60 Sec:Dr Marine Cuisinier

Dr Marine Cuisinier, Scientist, Energy Storage, Qatar Environment & Energy Research Institute (QEERI), a research institute under Hamad bin Khalifa University (HBKU), a member of Qatar Foundation (QF), on how she sees similarities between baking and chemistry.

null What does your work at QEERI entail?
My main task is to develop cost-effective batteries based on Sulfur, which is one of Qatar’s natural resources. It involves creating new materials, assembling battery cells, and testing their charging/discharging performance and durability.

What is your observation 
and opinion about QF?
It is a very ambitious organization. I have never seen anything like this anywhere else. I think it is awesome! If I were a student, I would have loved it here.

How would you describe QF in one word?
Family

Where are you from?
France

What are your hobbies?
I love baking. I mostly bake French classic desserts and sweets.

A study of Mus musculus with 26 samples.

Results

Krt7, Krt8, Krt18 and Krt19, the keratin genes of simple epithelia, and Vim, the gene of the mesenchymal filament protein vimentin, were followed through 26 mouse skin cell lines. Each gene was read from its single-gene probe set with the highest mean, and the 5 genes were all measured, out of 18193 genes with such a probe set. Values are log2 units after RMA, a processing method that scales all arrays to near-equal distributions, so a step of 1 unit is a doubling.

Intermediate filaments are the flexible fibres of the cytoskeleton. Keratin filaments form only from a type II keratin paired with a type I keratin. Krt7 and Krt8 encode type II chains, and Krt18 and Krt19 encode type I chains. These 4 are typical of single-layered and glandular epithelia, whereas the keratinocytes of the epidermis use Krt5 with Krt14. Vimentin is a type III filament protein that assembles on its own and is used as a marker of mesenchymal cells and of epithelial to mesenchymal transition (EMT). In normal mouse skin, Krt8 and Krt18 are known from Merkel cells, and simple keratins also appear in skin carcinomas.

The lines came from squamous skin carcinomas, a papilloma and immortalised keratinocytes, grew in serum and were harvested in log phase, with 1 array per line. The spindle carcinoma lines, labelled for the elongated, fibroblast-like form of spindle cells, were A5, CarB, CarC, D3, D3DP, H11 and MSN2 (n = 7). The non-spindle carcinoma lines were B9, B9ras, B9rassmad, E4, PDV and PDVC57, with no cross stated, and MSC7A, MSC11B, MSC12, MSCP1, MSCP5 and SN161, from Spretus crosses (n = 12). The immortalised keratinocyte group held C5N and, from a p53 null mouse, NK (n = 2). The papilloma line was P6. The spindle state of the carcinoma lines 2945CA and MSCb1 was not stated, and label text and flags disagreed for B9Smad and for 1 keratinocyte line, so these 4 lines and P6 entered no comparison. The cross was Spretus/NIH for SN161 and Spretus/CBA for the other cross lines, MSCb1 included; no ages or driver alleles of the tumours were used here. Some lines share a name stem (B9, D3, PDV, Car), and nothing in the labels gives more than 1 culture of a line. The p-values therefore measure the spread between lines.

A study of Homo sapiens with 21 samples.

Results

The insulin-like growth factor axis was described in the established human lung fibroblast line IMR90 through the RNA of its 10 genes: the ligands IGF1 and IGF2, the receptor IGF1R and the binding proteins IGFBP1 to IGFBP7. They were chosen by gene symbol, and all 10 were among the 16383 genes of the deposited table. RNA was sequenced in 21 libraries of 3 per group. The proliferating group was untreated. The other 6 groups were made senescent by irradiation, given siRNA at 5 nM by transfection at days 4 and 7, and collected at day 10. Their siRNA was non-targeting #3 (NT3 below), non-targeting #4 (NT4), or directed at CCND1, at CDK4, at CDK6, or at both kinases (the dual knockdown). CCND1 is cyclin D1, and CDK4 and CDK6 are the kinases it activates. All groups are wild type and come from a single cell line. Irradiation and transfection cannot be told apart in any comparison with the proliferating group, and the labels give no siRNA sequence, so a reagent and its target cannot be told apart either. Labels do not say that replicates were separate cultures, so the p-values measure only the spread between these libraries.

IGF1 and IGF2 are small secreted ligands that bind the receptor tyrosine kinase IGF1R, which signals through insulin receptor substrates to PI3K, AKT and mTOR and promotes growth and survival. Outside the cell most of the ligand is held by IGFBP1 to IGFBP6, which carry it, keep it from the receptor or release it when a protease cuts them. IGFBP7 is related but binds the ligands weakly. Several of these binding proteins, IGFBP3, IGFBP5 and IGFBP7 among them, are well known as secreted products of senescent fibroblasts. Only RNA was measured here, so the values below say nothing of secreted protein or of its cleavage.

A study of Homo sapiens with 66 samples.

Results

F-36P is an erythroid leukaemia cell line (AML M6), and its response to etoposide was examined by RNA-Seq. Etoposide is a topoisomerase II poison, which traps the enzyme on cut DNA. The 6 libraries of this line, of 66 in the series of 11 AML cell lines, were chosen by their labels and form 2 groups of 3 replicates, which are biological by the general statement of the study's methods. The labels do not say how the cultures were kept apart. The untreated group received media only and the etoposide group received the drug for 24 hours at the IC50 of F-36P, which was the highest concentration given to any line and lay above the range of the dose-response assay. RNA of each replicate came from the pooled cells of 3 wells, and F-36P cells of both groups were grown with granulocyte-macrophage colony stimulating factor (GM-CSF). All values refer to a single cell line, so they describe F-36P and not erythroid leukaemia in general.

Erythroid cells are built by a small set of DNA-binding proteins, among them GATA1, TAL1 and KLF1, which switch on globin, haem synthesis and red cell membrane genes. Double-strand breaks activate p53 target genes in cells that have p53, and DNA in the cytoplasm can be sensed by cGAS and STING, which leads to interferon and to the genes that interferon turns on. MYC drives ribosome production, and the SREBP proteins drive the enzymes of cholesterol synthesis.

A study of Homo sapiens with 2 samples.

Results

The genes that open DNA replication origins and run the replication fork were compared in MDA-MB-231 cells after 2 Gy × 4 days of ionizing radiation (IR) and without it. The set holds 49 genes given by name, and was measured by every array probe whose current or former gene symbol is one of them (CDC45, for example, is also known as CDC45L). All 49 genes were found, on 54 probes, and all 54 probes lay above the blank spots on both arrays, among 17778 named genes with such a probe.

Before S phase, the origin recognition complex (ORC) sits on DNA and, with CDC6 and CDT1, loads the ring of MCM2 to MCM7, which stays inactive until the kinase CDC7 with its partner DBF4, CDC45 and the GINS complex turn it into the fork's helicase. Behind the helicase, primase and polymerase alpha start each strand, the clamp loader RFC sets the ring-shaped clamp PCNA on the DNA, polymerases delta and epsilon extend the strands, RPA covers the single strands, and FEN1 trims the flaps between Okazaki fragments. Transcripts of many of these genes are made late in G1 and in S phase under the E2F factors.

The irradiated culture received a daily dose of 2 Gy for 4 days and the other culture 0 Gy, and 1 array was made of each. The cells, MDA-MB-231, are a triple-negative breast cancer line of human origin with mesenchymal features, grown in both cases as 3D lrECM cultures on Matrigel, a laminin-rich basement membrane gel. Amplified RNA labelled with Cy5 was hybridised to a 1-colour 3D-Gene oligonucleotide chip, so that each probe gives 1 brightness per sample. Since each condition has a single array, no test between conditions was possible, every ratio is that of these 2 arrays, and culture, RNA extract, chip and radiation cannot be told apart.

What is your favorite spot in Qatar?
Souq Waqif Al Wakra. It is beautiful.

What is your challenge with baking?
I usually need an audience for all the things I bake because I can’t eat everything. I bring it all to the office here, and everyone here has a sweet tooth.

Where does your love for baking come from?
My family are bakers on both sides. I don’t think it is a coincidence that I love baking so much.

Why did you become a scientist and not pursue baking?
I found my love for Chemistry at a very young age, and as soon as I started studying Chemistry I knew I wanted to do this for a living.

Is there a link between baking and Chemistry?
Yes. For me, both have the same process – you start with an idea, you mix things together and produce something. In both, proportions, time, and temperature – all make a difference to the end product.

What is your favorite holiday spot?
Northern Ontario in Canada. It is very green and the population density is very low, which makes one feel that you are all by yourself.

What is your secret aspiration?
I want to learn to make kunafa.

What would be your advice to ambitious students?
Travel and try to take on internships and gain experiences. This will help you figure out what you like. This is especially important to know before your start a long course that takes four to five years. And, most importantly, don’t be afraid of changing your mind in the process. After studying for one year, if you decide that you want to do something else – do it.